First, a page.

You may not be at your best in the morning, so you are tempted to push your training runs to later in the afternoon or evening. Your core body temperature is higher in the afternoon, so you may have more energy and quickness in these training runs - but come race day, you might be in for a rude awakening. Try to train around the time of your race at least once per week to get your body accustomed to running in the morning hours.
Morning half marathon race times vary from 5:30 a.m. to 10 a.m., depending on the location, season and whims of the race director. Those run at the pre-dawn hours require a wake-up as early as 3:30 a.m. to board buses or drive to the race start. Pre-race jitters can make sleep the night before your half marathon challenging, but try to get to bed early. Even if you are resting and reading or watching television, you are relaxing your body, which will help you feel better in the morning. If you are not a morning person, set several alarms in case one fails. You can always invite a friend who is an early riser to send you a morning text to make sure you haven't hit snooze.
Lay out everything you need the night before to avoid early morning scrambling. This includes your bib, timing chip, shoes, race fuel and clothing. Some races have same-day race packet pickup or registration. In these cases, you want to arrive at the race early to make sure you get your bib and timing chip squared away before the race starts. Even if you have picked up your race information in advance, arriving at the race early gives you time to use the portable toilets as many times as you need. Early arrival also ensures you navigate through any traffic or parking snafus that could make you late for the start.
Throughout your training, you should take in adequate hydration for your runs. The day prior to your race, hydrate with water as you would for any training. The morning of the run, drink about 16 ounces of water two or three hours prior to the start. This gives you time to empty your bladder and to absorb the water. Just before you begin the race, drink another 8 ounces, recommends "Runner's World."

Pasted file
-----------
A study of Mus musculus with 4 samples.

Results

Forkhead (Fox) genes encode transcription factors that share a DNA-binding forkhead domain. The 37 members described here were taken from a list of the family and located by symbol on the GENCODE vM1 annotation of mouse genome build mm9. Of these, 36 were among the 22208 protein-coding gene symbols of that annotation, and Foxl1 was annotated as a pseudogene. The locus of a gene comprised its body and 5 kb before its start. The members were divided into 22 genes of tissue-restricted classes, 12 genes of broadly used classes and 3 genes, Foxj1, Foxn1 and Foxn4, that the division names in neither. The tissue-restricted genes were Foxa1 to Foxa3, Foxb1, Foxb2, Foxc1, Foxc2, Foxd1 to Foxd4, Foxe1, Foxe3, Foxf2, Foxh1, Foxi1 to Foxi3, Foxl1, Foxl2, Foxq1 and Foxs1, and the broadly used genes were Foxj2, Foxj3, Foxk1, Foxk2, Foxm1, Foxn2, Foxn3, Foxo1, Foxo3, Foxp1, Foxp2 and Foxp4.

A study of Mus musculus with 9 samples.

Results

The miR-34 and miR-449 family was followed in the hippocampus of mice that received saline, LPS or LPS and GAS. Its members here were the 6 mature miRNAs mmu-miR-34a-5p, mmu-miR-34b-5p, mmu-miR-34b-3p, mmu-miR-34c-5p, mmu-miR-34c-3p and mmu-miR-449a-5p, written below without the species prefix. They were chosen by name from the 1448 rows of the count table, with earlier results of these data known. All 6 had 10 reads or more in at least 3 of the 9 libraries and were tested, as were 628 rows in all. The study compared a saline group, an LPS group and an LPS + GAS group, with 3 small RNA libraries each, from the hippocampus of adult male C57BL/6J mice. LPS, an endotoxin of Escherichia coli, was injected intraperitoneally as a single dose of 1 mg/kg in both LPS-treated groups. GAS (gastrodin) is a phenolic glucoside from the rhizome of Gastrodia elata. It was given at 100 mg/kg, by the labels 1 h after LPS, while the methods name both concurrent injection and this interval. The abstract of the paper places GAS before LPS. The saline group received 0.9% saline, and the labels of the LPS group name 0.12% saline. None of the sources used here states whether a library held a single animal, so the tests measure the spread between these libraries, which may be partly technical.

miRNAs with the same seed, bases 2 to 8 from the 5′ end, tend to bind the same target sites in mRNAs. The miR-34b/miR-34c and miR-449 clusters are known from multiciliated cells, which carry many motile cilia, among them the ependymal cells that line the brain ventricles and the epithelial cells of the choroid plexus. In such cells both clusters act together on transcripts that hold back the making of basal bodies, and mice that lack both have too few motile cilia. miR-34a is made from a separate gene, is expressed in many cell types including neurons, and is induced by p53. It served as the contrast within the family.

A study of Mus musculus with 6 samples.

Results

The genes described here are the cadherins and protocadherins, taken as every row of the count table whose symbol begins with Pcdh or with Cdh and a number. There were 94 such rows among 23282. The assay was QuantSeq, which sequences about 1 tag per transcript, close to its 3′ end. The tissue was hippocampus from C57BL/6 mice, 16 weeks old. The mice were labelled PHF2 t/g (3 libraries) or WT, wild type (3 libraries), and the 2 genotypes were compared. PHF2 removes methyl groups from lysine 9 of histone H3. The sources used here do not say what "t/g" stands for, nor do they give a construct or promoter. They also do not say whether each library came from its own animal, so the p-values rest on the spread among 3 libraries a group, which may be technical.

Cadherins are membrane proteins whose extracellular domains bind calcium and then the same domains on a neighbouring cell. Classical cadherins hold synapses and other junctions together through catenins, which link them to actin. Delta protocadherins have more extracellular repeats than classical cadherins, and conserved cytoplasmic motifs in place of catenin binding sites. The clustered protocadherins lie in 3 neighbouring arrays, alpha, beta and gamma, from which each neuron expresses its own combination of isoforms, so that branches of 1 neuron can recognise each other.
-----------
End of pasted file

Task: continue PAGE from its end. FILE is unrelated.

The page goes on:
Eating before your race is essential, no matter how early it begins. You may feel too nervous to eat or find food unpalatable at an early hour, but find a way to get some nutrition anyway. Wake up extra early so you can eat a small meal slowly. Try a bagel with a little peanut butter and a banana or oatmeal with raisins and a splash of milk. A fruit smoothie is another easily digested option. Skipping breakfast will likely lead to a drop in your blood sugar, which will impede your performance. Beth Jauquet, R.D., a nutritionist for Cherry Creek Nutrition in Denver, told "Runner's World" in 2008 that you cannot make up for a lack of breakfast with midrace fueling. If you normally drink coffee, don't skip it on race day. Be wary of drinking too much, however, as it can wreak havoc on digestion.
An early race warm-up helps get your body ready to move. Walking for five to 10 minutes before the race begins helps get your blood circulating and your muscles ready to go. Often, you have to walk from the car, hotel or bus drop-off for longer -- serving as a built-in warm-up. Elite athletes might do a pre-race jog of 10 to 20 minutes about an hour before start time. In the 15 to 30 minutes before the race, these athletes might also do forward and side lunges and a few short 50-meter speed drills. A very early start time could make these pre-race warm-ups impractical.